Countries across the globe celebrating World Day of Prayer and Action for Children

November 16, 2010 — More than 40 countries across the globe are celebrating the World Day of Prayer and Action for Children this week with observances aimed at improving life for the planet’s most disadvantaged women and children.

In religious services, prayers and meditations from Argentina to Zimbabwe, faith groups from every tradition are joining forces with secular organizations, governments, NGOs and community groups in a global expression of hope, determination and concrete actions.

Celebrated every year on 20 November to coincide with Universal Children’s Day, the World Day’s primary aim is to bring religious and secular groups together to accelerate progress towards the Millennium Development Goals, a set of eight internationally agreed targets to improve the wellbeing of the planet and its poorest inhabitants by the year 2015.

UNICEF, a main partner in the initiative, is spearheading World Day events in 19 countries, focusing on activities to reduce child mortality and improve maternal health, with a particular emphasis on exclusive breastfeeding, which has the potential to save 1.2 million lives every year.

The Global Network of Religions for Children, another key partner, is organizing observances in 29 countries, from interfaith services to peace marches, violence prevention and child protection activities, cross-cultural ethics education, art and cultural events, advocacy and communications efforts.

In New York, the World Day observances will be launched with a candlelight vigil on 16 November in Times Square attended by United Nations diplomats, U.N. officials, non-governmental organizations, faith communities and members of the public to honor child victims of abuse and exploitation worldwide.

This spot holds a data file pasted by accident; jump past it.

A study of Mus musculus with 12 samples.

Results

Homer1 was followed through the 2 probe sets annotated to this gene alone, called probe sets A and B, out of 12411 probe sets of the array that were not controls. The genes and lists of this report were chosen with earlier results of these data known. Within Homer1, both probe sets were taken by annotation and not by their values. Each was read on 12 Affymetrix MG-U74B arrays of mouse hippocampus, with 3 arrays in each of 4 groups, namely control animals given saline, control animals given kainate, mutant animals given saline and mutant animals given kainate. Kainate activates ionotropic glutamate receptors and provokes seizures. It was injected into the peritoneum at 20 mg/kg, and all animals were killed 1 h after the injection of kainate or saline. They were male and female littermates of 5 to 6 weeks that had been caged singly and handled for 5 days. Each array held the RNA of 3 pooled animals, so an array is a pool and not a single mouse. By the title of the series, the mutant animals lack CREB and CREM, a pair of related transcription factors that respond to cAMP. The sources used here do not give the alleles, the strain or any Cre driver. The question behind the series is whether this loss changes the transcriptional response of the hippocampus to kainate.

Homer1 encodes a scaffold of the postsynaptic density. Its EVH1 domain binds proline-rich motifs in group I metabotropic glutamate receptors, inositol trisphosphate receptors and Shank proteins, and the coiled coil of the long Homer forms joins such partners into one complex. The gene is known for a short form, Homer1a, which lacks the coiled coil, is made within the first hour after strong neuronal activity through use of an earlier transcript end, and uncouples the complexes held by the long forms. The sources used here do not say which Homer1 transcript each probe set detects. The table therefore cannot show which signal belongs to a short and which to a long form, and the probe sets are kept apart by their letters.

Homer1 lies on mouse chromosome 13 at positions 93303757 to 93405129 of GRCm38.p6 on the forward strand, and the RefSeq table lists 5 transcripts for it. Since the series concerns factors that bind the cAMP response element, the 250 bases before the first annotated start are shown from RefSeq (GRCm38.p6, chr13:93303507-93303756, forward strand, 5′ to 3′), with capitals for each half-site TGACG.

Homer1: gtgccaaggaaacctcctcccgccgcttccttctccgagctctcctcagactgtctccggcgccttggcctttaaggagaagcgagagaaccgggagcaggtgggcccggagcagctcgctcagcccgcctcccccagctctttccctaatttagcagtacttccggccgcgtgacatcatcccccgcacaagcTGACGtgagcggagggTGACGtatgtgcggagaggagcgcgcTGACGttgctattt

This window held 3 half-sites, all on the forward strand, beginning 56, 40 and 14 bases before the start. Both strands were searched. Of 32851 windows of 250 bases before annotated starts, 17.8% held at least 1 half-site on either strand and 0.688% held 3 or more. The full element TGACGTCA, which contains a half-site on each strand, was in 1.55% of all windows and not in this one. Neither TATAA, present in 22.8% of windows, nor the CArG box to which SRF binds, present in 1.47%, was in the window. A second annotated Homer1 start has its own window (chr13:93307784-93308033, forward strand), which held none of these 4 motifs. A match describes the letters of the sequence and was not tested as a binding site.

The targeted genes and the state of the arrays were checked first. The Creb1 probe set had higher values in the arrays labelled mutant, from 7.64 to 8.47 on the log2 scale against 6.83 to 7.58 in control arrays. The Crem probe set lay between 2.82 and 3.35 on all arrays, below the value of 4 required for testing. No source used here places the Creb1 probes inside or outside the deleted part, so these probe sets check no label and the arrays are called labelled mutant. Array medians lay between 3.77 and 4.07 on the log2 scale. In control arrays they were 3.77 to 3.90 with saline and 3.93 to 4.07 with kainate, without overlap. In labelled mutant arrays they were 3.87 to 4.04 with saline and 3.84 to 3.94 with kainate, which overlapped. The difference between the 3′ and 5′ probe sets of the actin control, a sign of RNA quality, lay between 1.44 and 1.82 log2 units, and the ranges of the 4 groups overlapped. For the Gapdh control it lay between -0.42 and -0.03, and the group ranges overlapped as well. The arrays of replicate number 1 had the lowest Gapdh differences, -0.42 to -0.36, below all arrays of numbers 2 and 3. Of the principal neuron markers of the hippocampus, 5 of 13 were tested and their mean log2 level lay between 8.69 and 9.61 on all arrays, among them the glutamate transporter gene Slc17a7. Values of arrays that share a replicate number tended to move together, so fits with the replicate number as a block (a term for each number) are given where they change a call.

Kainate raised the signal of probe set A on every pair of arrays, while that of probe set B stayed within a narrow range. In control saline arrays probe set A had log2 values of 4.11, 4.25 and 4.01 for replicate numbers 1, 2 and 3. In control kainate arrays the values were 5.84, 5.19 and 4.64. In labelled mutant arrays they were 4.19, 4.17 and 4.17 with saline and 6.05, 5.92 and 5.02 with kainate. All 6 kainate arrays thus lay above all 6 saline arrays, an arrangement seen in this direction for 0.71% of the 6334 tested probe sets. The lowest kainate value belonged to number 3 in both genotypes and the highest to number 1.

Among other events:

  • In Algeria, the country’s 15,000 mosques are focusing their sermons on November 19th on breastfeeding and child rights. (read more)
  • In Sri Lanka, religious, government and community leaders from around the nation are launching a year-long child protection campaign. (read more)
  • In Brazil, five cities are holding interfaith celebrations and advocacy events to highlight the impact on children of violence, racism and discrimination. (read more)
  • In Kenya, UNICEF is helping to launch an initiative to train 27,000 religious leaders in key maternal and child health practices, with the aim of reaching 27 million people across the country. (read more)

The World Day of Prayer and Action for Children was established in 2008 by Arigatou International, an international faith-based NGO, as a way to reinforce the concrete work of secular child advocacy groups with the inspirational power of the world’s religious organizations. Its main partners are UNICEF, UNESCO and the Global Network of Religions for Children, founded by Arigatou in 2000.

 In 2009, more than 9,000 people took part in World Day celebrations in 29 cities in 22 countries, following up faith observances with tangible projects to improve child welfare.